This week's Answer:
Dear, dear, Denise.
Fret not. This
happens to the best of us.
We really think we hate what we’ve been working
on sometimes for months and months, and possibly years.
It goes with the territory.
Look on the bright side.
If you look closely at your question, you’ll see
that it’s actually getting better for you.
You wrote that you hate your script.
But, in the very next sentence, you wrote that you
THINK you hate it. You’re
not absolutely sure you hate it.
That’s progress. And it’s very helpful that you KNOW your perspective is
off, or non-existent.
“Good” and “bad” are relative terms (that
doesn’t mean I’m saying you should show your script to
your relatives). What’s
good today could be bad tomorrow, and vice versa (and
what’s “vice” today could be “versa” tomorrow).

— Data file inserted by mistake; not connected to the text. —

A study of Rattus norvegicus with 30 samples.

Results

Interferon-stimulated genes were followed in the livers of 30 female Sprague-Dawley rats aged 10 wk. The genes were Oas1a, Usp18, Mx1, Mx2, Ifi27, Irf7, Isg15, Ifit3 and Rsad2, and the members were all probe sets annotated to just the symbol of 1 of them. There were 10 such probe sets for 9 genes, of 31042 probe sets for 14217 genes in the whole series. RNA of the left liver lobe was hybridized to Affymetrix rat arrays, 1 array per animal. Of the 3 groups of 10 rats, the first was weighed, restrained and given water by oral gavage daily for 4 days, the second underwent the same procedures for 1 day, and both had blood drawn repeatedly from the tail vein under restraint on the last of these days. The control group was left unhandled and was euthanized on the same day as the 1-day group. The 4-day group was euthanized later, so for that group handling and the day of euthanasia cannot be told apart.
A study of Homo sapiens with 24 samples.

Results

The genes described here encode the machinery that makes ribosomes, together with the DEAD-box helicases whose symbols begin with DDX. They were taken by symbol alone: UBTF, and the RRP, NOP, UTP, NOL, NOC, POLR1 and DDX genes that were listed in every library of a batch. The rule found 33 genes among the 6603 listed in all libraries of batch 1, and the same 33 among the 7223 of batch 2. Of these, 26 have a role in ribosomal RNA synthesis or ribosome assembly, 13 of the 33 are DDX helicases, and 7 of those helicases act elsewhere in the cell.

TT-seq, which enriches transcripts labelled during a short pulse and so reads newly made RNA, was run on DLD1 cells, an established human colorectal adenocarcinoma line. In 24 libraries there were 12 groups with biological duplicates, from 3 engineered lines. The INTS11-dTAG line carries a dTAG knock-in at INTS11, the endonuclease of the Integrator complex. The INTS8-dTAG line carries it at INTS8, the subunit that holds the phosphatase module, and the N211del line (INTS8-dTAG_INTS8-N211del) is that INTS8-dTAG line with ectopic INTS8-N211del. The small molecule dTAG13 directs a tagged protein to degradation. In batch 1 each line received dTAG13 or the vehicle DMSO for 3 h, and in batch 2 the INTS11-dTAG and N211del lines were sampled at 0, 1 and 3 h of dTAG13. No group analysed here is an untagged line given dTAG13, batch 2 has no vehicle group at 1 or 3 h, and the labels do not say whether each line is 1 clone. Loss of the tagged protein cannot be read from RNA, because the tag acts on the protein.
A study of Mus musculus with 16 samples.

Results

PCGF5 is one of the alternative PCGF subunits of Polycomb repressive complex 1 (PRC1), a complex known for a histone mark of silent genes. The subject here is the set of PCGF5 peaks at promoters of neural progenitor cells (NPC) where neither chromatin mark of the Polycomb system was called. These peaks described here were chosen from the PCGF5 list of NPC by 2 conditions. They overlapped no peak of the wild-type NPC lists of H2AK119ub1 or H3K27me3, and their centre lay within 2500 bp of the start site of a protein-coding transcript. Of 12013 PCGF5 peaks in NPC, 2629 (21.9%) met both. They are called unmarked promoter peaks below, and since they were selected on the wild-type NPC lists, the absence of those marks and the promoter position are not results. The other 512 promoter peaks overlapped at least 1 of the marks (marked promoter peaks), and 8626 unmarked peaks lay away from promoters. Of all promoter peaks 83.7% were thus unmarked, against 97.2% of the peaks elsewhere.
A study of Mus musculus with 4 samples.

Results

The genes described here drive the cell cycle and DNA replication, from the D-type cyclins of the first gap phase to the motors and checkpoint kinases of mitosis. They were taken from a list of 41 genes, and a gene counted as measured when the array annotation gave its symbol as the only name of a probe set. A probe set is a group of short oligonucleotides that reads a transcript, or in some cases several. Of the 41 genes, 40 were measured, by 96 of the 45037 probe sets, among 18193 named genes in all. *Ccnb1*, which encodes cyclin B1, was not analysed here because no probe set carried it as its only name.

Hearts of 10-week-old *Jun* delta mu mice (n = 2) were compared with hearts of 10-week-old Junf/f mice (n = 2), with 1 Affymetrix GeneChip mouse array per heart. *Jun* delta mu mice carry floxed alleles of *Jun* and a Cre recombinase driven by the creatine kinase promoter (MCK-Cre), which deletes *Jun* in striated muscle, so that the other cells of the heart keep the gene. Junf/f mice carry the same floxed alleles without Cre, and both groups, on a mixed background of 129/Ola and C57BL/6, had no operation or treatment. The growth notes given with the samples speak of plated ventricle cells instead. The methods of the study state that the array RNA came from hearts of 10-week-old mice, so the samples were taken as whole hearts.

There are ways I might suggest you
utilize to give you a better perspective of your
GIVE YOU A BETTER PERSPECTIVE OF YOUR SCREENPLAYS
Write your screenplay wearing actual Coke bottle
lenses (but be sure to remove the Coke).
Then, when you’ve finished the first draft, read
it without them.
After you finish your first draft, tear your
screenplay into a thousand pieces and then glue them all
together again. (If
it’s an electronic first draft, you’ll have to use a
mallet and smash your monitor into a thousand pieces and
then solder them back together again.
Either way should work.)
Try to read your screenplay as you drop it out the
window from at least 18 stories up.
(If it’s under a hundred pages, you can drop it
from the 9th floor).
Write your script in invisible ink and be pleasantly
surprised when you find out what you wrote.
Put your screenplay into an eye chart format and
tack it on the wall and read it from a distance with a
card over an eye.
I think that will help.
Or possibly not.
At least, now, you have my perspective about your
perspective about not having a perspective.